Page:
But Pat, Nurses Don’t Want To Get Saved

To start, let’s review What Happens To Nurses …. 

Nurses come to nursing to help people, then we get caught up in the science and technology …

Either because we are intrigued and stimulated by its science and technology,

Or because we quickly realize that if we don’t master the science and technology, we will kill people.

While focusing on mastering the science and technology, we lose sight of the mastery of authentic connections with people. Competing demands make us believe that we don’t have time to connect.      

This is not only true for nurses, it is true for nurse leaders as well.  Nurse leaders get caught in other webs —business acumen requirements, etc.

And while we’re not paying attention to cultivating our authentic caring, our inner resources get depleted

We feel trapped in and resentful of the challenges in our work —

                                    patient safety, work loads, work environment, people issues, etc.

We lose sight of the essence of nursing—   

                                    those momentary authentic connections with people in their vulnerable moments. 

All leading to compassion fatigue, disengagement, withdrawal, unhealth, attrition.

Here Is A Nurse Hierarchy of Needs

No doubt that the work environment and professional structures (shared decision making, Magnet recognition, clinical advancement models) are critical for nurse health, and job effectiveness and satisfaction.  These are illustrated in the middle levels of Maslow’s hierarchy of needs.

Nurse Fulfillment in Nuring

Nurse Fulfillment in Nursing — the highest level in Maslow’s Hierarchy — is Self-Fulfillment.   Nurse Fulfillment revolves around experiencing meaning and purpose in our practice. We know that our sense of meaning and purpose is anchored to our momentary authentic connections with patients. 

Who Is Responsible For Nurse Fulfillment?

Traditionally, nursing norms have left nurse fulfillment to each individual nurse.  This is where the importance of self-care comes in.  Self-care is at the root of nurse health and nurse fulfillment. But there’s more we can do …. 

Nurse Leaders have a role in nurse fulfillment.  We can’t expect nurses to do this alone.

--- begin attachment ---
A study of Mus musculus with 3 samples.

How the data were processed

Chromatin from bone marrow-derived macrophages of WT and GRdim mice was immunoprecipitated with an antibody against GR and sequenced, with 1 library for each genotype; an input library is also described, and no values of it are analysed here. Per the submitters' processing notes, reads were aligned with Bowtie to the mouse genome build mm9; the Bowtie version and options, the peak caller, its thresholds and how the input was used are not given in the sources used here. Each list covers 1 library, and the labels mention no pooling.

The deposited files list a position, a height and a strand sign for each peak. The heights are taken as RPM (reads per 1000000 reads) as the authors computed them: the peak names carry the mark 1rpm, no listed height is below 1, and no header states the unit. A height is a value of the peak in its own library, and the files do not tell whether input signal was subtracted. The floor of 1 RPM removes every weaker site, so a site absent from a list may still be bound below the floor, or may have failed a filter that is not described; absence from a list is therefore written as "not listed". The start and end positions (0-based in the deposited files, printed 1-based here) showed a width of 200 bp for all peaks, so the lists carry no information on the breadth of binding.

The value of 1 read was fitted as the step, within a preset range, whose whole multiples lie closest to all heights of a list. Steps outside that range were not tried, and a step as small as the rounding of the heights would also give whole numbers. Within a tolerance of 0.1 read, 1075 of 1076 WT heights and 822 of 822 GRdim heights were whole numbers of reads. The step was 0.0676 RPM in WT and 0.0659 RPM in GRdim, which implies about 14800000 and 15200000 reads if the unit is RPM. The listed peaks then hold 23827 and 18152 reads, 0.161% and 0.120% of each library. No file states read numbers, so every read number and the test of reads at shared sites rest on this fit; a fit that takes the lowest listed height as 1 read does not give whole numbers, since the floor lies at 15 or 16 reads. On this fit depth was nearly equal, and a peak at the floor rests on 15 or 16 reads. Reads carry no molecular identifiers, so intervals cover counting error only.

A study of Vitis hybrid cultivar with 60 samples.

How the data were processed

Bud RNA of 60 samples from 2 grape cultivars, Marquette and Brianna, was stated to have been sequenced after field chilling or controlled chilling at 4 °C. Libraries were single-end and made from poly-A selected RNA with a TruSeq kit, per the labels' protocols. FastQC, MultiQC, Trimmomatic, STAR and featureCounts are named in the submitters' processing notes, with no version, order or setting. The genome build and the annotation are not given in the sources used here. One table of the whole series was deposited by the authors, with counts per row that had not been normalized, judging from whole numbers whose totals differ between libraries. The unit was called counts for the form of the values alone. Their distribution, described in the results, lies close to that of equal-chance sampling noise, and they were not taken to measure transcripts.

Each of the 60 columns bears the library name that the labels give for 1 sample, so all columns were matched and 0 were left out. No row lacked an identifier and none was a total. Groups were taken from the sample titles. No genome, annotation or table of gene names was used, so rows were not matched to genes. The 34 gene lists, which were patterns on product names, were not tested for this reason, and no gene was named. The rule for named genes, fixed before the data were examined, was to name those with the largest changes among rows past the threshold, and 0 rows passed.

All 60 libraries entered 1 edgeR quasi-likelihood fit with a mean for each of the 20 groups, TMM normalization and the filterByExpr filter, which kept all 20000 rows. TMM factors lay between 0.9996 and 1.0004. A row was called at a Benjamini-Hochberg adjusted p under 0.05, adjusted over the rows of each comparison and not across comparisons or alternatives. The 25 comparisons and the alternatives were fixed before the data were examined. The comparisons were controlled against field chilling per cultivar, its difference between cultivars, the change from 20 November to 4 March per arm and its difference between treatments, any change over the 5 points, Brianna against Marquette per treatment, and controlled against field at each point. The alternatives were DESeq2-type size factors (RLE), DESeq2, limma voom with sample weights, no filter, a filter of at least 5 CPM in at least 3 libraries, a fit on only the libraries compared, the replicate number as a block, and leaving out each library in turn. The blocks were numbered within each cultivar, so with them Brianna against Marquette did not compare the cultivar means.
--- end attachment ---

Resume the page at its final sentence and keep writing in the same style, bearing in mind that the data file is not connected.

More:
We Can Help Nurses Find Fulfillment In Nursing in the Way We Lead Caring

As many of you know reading my trail of blogs, my mission is to simplify how we lead authentic caring.   

We can make this doable for nurse leaders and nurses

Yes,  This is a Rescue Mission – T0 Rescue Nurses

One thing I know for sure from my experience … We nurse leaders in the healthcare industry can help nurses find fulfillment in nursing.   We have to —growing compassion fatigue and attrition is real. 

My question today is:     Is Saving Nurses the right name ?

There is irony in this saving nurses name for me.  I don’t tend to save people.    So when a renowned nurse entrepreneur and thought leader said to me this week, “Pat, nurses don’t want to be saved.  Are you sure you want to use this name?”

I had to stop and think about it again.     Do I Want To Keep This Name?     Am I turning nurses and nurse leaders off with the name “Saving Nurses”?  What Do You Think? 

Does the name “Saving Nurses” turn you away?

Please tell me … 


2 thoughts on “But Pat, Nurses Don’t Want To Get Saved

  1. Jae Sanders says:

    Great question. It may be that we don’t know we need to be saved. So.etimes we need to know that’s it’s ok to ask for help, to know others feel the same, to get our souls filled up outside of work. We need to prevent the need to he saved but know it’s available. I like the name.

    1. pmcclendon says:

      Good. As long as it doesn’t put you off. Thanks, as always, dear nurse extraordinaire!